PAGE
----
Erythronium rostratum W. Wolf

Yellow Trout Lily


CC = 8
CW = 3
MOC = 16

© SRTurner

Family - Liliaceae

Habit - Perennial forb with deep-set bulblike corms, strongly colonial

Leaves - Two leaves in flowering plants, one in vegetative plants, alternate but closely spaced, the blades spreading from near the middle of the partially subterranean aerial stems and thus appearing basal, the bases tapering into a sheath, 1.5-7.0 cm wide, lanceolate to narrowly ovate or elliptic, flat, not glaucous, usually mottled with brown.

Erythronium_rostratum_habit.jpg Colonial habit.

© SRTurner

Erythronium_rostratum_leafbase.jpg Leaf bases and sheath.

© SRTurner

Erythronium_rostratum_leaf1.jpg Leaf adaxial.

© SRTurner

Erythronium_rostratum_leaf2.jpg Leaf abaxial.

© SRTurner

Inflorescence - Solitary flower at the tip of the aerial stem.

Erythronium_rostratum_inflorescence.jpg Inflorescence.

© SRTurner

Flowers - Perianth 15-50 mm long, broadly bell-shaped or arched outward, the sepals and petals free, lanceolate. Petals with a pair of well-developed, triangular appendages near the base, these wrapped around the filament of the opposing stamen. Stamens 6, free. Style 1, somewhat thickened near the tip, the 1 stigma 3-lobed, 0.5-1.5 mm long, the lobes stout and erect or nearly so. Ovary superior, with 3 locules, each with 8-20 ovules.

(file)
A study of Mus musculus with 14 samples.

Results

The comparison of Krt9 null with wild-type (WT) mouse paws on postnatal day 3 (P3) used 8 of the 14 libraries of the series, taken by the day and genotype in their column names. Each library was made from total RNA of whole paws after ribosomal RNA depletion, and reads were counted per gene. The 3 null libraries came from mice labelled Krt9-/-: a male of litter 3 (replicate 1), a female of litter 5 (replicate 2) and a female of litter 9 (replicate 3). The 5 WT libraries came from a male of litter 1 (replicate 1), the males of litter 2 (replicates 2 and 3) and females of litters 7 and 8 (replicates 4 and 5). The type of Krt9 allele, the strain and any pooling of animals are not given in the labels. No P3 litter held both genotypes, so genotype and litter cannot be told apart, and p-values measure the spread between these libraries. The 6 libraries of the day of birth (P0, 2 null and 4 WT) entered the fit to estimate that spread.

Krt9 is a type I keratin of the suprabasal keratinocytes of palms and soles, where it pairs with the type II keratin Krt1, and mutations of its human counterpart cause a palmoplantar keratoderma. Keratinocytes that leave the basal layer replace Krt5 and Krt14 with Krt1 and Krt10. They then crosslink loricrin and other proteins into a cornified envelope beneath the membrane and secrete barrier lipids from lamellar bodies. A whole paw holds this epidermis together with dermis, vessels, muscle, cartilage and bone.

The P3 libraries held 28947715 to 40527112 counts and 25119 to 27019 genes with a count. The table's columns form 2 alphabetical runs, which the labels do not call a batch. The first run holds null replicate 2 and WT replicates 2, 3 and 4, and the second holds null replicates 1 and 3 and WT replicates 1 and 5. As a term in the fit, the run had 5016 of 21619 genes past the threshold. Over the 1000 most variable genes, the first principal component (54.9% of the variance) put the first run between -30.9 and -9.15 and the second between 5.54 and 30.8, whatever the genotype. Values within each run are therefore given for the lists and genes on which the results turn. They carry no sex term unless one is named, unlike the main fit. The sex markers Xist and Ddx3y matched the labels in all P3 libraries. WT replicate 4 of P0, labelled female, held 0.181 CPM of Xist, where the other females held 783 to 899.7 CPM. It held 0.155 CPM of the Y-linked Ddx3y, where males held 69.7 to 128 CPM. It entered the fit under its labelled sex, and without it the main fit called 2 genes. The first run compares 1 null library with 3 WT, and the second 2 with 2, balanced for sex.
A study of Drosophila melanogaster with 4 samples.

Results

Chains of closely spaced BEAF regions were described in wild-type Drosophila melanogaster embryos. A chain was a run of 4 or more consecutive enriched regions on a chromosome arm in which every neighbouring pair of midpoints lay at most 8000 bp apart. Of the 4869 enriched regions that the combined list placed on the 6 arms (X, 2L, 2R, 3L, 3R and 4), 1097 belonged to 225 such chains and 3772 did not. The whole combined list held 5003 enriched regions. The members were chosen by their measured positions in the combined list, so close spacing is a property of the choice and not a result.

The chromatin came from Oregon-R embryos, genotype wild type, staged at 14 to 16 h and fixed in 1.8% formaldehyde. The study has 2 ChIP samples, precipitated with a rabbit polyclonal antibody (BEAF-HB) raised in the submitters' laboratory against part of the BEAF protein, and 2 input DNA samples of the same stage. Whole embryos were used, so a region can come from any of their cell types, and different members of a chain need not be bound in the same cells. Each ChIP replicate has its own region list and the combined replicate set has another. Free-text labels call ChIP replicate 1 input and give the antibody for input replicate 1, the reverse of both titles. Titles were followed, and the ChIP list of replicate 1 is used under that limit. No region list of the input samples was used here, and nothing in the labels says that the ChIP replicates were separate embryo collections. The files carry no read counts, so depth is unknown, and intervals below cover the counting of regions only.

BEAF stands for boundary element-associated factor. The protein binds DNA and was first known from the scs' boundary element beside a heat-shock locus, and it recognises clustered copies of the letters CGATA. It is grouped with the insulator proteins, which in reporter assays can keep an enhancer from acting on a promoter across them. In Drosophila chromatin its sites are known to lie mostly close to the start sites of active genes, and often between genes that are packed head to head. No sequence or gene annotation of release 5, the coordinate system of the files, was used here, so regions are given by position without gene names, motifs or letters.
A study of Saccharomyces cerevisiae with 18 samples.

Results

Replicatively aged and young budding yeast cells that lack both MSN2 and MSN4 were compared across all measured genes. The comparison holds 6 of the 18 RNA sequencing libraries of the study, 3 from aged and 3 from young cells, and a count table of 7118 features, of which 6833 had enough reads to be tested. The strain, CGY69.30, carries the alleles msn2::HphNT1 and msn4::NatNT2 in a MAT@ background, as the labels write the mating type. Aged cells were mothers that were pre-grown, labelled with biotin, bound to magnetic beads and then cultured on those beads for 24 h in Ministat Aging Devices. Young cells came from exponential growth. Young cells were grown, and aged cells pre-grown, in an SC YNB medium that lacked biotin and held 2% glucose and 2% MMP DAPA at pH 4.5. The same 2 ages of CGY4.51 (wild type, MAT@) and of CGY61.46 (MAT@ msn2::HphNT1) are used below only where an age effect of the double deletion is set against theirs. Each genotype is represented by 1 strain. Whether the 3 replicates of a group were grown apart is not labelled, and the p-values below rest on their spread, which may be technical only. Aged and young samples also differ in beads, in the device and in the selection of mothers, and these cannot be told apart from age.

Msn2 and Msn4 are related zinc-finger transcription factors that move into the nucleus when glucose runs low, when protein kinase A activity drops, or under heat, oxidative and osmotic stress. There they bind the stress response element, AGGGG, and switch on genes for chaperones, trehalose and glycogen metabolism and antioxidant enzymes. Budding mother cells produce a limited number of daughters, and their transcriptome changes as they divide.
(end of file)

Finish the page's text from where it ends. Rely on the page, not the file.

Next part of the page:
Erythronium_rostratum_perianth.jpg Perianth.

© SRTurner

Erythronium_rostratum_perianth2.jpg Perianth.

© SRTurner

Erythronium_rostratum_rearview.jpg Rear view of tepals.

© SRTurner

Erythronium_rostratum_functional.jpg Stamens and style.

© SRTurner

Erythronium_rostratum_diagram.jpg Petal bases. Arrows point to the distinct appendages that are a defining characteristic of this species.

© SRTurner

Fruits - Ellipsoid capsules, 10-25 mm long, weakly 3-angled, the tips tapered into a beak, positioned off the ground by the ascending or gradually spreading aerial stem that is variously bent upward near the tip, erect.

Flowering - March - May.

Habitat - Bottomland and mesic forests of ravines and valleys, shaded, lower ledges of bluffs.

Origin - Native to the U.S.

Lookalikes - E. americanum.

Other info. - This attractive species is found in southern counties of Missouri, mostly on the western side of the state. Its global range is largely restricted to the lower Midwest and Southern states, and comprises a few apparently disjunct populations. In appearance the plant is much like E. americanum, except that the tepals are usually ascending to spreading but not reflexed. Also, a close look within the throat of the perianth will reveal distinct appendages at the base of the tepals, as shown in the photograph above. In favorable conditions the species can form very large populations which can cover multiple square acres of ground with thousands of vegetative single leaves. Flowering stems always have two leaves.

Photographs taken at Roaring River State Park, Barry County, MO, 4-2-2021 (SRTurner).